Ayahuasca (or yajé), the sacred plant remedy of the Amazon, has been the subject of academic studies, travel narratives and documentaries but rarely do they tell the inside story. This novel lifts shamanism out of the category of anthropology or self-help to reveal how the mysterious powers of yajé highlight the debilities of those who seek enlightenment from it. Ayahuasca Weaving Destinies is the parable of the sorcerer´s apprentice in a post-industrial context.
Taita Franciscano of the Putumayo, “last of the traditional healers”, knew the risks his culture would face when, defying the taboo, he invited white men to his rituals to win Western recognition for his tribe´s medicinal heritage. The irreverent sage may even have welcomed the opportunity to play with fire. But not even his visionary gifts foresaw what would happen when a cast of conflictive characters were drawn into his dream of founding a botanical garden. Among them are the ambitious anthropologist who “discovered” yajé, the autobiographical narrator, a militant indigenous leader, a “revolutionary” poet, several legendary shamans, including the still-living spirit of a dead one, and a feminist from the hippy circle the narrator and his ex-wife belonged to, years before, in Ireland. As they interact, the lure of the garden spreads from the jungle to Bogotá, the U.S. Congress and Europe, setting off a power struggle between professors, missionaries, NGO´s, ethno-botanical entrepreneurs and the guerrilla…until the shaman´s despised, illiterate and lovelorn apprentice unexpectedly wrecks everyone´s plans.
Yajé, the author claims, “is as much about, say, smart bombs or derivatives as therapy”. Yet if, on one level no quest for inner knowledge takes place in a social void and the all too human gets in the way of illumination, on another, as the novel´s title indicates, those who surrender themselves to its godhead enter a cosmic field which rules their destinies. As the narrator suffers the agonies of the purge, unwittingly stirs up trouble with the Indians and gets dragged into the politics of ancient wisdom, all sorts of bizarre synchronicities emerge, which reach their climax when a mage “reads” the presence of sorcery during a special ceremony and the real-life consequences force the narrator to acknowledge the reality of parallel dimensions.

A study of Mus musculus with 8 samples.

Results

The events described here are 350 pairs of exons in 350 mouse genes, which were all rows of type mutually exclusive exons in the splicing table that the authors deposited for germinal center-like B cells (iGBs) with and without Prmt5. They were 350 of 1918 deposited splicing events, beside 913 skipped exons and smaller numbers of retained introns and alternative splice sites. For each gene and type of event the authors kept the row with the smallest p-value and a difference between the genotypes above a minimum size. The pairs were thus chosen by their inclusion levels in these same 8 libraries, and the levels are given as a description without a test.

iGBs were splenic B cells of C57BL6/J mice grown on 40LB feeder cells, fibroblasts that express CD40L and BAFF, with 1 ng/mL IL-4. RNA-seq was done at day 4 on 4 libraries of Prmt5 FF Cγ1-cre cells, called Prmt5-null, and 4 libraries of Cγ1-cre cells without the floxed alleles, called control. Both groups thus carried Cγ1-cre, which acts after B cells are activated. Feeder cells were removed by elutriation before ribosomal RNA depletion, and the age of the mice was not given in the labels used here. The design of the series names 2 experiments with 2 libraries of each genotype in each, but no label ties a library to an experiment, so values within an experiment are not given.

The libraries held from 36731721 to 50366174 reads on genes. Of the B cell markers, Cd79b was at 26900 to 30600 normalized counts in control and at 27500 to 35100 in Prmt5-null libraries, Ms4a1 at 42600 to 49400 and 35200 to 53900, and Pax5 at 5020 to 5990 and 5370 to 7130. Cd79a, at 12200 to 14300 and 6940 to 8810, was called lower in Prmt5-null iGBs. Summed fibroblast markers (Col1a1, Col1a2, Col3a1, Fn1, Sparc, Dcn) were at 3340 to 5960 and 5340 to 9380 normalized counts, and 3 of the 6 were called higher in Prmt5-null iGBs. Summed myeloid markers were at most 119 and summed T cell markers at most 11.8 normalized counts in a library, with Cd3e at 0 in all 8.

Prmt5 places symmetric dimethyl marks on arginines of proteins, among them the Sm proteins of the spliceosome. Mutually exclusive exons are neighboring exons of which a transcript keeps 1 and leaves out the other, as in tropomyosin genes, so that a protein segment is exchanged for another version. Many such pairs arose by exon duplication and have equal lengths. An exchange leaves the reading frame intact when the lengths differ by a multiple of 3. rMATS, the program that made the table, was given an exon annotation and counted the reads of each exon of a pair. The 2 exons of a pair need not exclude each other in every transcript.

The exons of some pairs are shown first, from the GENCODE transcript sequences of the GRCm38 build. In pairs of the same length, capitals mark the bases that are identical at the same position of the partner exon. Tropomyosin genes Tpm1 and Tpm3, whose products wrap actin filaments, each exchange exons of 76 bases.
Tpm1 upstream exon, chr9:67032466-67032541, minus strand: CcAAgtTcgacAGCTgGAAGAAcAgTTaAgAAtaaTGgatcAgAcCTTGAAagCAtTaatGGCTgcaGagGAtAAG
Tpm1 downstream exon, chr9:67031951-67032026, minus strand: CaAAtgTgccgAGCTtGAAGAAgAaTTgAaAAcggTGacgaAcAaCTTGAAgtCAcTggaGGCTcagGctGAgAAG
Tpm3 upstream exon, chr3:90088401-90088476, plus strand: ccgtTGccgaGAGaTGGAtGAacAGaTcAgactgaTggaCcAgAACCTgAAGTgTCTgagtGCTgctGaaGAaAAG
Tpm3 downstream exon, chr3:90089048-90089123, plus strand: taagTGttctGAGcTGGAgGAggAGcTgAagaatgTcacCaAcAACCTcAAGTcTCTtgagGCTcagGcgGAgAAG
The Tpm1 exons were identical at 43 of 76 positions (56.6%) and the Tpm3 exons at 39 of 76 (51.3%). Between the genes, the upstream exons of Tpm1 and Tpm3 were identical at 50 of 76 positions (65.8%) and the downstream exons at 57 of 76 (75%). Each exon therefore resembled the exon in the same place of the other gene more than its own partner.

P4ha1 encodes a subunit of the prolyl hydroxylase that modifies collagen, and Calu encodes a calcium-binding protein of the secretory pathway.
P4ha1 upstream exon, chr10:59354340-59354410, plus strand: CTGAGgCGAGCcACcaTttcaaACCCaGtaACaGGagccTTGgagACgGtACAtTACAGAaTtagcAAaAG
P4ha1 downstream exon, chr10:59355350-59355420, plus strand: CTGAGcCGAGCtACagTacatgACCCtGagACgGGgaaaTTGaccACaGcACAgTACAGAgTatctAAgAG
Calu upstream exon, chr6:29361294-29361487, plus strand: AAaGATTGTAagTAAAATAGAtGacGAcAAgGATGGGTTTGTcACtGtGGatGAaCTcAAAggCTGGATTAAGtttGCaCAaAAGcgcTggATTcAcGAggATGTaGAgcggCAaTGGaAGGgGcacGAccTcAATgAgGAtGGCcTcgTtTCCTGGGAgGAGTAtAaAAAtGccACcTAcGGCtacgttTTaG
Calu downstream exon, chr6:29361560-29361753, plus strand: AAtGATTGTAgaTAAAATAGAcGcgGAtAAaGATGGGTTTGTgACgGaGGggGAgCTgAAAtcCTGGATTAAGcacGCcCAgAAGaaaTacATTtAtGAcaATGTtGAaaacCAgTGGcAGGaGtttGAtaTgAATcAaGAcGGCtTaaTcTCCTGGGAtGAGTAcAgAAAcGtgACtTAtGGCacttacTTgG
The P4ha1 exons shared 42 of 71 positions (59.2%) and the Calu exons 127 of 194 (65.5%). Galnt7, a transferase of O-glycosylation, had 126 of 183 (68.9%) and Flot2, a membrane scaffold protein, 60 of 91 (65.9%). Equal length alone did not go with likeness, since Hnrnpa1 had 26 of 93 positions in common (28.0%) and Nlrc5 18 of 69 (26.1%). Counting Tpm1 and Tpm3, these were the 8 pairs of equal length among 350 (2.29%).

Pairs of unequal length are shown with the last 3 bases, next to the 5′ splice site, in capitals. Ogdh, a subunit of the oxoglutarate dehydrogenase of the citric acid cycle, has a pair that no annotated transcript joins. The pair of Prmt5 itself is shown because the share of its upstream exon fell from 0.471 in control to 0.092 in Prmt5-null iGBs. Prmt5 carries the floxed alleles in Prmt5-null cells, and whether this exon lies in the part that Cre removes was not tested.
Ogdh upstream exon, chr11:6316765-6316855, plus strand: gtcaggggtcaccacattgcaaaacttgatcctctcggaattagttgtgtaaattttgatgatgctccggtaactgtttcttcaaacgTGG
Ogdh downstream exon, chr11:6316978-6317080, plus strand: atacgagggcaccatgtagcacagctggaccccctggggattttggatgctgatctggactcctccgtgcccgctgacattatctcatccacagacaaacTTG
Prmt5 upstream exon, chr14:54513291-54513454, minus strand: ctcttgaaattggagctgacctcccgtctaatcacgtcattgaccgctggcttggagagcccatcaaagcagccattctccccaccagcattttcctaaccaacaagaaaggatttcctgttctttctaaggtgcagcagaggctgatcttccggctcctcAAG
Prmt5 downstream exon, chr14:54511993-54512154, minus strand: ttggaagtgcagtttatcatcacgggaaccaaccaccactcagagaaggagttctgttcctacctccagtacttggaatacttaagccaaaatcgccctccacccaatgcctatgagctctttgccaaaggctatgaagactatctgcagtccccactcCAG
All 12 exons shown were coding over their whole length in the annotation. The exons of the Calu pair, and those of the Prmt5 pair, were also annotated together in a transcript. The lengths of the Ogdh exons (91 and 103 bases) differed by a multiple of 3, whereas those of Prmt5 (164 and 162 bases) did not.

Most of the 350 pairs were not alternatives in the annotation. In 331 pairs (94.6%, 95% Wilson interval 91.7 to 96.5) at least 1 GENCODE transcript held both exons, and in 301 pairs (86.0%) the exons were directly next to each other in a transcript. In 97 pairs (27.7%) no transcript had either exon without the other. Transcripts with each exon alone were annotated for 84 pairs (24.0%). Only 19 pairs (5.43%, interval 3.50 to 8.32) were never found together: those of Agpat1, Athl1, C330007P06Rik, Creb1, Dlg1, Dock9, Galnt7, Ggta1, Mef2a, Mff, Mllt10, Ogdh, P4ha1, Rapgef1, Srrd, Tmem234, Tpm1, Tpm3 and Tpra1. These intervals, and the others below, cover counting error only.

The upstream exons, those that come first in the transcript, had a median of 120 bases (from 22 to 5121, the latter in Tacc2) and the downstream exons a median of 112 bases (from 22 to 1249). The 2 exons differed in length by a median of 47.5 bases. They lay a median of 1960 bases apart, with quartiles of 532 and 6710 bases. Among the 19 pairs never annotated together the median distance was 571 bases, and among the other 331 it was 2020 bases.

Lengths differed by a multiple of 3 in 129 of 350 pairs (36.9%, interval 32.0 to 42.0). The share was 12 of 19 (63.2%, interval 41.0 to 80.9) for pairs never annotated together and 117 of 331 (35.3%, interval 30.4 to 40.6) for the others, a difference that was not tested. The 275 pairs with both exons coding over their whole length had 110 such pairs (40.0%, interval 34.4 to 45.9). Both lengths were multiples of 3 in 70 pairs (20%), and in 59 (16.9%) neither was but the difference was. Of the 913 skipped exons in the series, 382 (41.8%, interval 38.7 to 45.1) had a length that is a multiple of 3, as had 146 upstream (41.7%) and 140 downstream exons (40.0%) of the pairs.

Weiskopf nevertheless insists that such magic is only a metaphor: “Yajé may be a little too exotic, I fear, for the good of my story, which, as in any novel, is a backstage tour of the human circus”. From one angle, going to the jungle to drink yajé amounts to a pilgrimage to a hidden source of self-realization which echoes a real journey to another continent or society. From another, its anti-logic is in tune with the self-destructive nature of the machine society has invented for itself. Its exoticism, he writes, stirs a romanticism which led him to the tropics, but it also goes right to the heart of universals that any writer, in any place, has to deal with.
About the author:
JIMMY WEISKOPF is the author of Yajé: The New Purgatory, hailed as the definitive study of ayahuasca in Colombia. For the past fifteen years, he has drunk yajé with some of the most renowned indigenous shamans of Colombia and participated in rituals in Peru and Brazil. A graduate of Columbia and Cambridge Universities, he is a veteran of the Colombian foreign press corps and one of the country´s top translators. Born in New York City, he has lived in Colombia for 30 years and is a naturalized Colombian citizen.